Shortly after the dismissal of Guthrie, Milne’s own position was called into question by the leaking of a series of emails that appeared to show Milne putting pressure on Guthrie to “get rid of” ABC financial journalist Emma Alberici. Former Prime Minister Malcolm Turnbull is said to have complained to Milne about inaccuracies in Alberici’s reporting of federal government tax policy. Milne and Turnbull are friends of long standing.

ABC staff have asked whether the chairman damaged the corporation’s editorial independence. Some staff organizations called for an investigation. Staff in Brisbane unanimously voted for Milne to resign.

On Wednesday, Milne insisted that he would not resign. But he changed course Thursday morning as pressure mounted within and without the corporation. He said it was preferable for him to resign than simply step aside while an investigation took place.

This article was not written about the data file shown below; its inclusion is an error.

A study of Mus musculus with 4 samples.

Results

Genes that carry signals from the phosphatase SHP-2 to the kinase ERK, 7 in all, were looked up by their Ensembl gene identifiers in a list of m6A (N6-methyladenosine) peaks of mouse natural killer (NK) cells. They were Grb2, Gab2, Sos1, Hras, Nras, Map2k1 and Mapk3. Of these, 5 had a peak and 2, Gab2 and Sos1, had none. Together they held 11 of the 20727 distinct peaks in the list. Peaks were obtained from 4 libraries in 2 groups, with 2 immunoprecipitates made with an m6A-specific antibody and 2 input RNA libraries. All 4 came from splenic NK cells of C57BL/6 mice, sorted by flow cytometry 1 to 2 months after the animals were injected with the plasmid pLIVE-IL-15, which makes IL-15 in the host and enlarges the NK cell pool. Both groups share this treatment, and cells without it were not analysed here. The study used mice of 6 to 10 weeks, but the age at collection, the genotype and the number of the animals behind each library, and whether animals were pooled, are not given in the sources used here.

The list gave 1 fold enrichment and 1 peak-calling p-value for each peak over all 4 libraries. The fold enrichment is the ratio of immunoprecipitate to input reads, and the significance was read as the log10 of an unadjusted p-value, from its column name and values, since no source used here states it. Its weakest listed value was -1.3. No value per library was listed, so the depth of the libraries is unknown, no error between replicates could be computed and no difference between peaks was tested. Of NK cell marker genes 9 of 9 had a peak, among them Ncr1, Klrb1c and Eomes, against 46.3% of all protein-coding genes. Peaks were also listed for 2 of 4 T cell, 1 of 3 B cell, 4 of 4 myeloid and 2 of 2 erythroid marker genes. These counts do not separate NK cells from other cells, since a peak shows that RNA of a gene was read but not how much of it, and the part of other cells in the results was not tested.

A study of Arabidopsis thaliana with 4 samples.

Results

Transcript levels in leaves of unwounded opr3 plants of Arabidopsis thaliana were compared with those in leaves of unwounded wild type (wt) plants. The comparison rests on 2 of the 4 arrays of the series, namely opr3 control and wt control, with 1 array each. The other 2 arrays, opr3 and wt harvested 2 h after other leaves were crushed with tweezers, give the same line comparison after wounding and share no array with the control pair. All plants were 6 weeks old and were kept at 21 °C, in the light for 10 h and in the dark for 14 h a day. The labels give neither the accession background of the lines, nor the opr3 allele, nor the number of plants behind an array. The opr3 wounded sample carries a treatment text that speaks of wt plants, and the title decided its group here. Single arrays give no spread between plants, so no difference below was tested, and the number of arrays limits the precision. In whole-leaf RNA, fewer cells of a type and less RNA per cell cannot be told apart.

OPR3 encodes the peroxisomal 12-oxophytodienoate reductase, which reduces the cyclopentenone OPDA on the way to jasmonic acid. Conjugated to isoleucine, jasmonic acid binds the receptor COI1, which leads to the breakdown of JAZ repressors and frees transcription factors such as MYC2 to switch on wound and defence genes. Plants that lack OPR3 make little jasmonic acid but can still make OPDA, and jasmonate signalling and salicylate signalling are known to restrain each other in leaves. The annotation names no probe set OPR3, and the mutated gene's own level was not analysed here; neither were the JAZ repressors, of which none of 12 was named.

“Clearly there is a lot of pressure on the organization, and as always my interests have been to look after the interests of the corporation,” Milne said in an interview given to the ABC’s own “7.30” current affairs show. “It is clearly not a good thing for everybody to be trying to do their jobs with this kind of firestorm going on.”

Guthrie, one of the highest-profile female executives in international television, was fired less than two and a half years into a five-year contract. She was criticized for her management style and told that her relationships with government “could have been better.”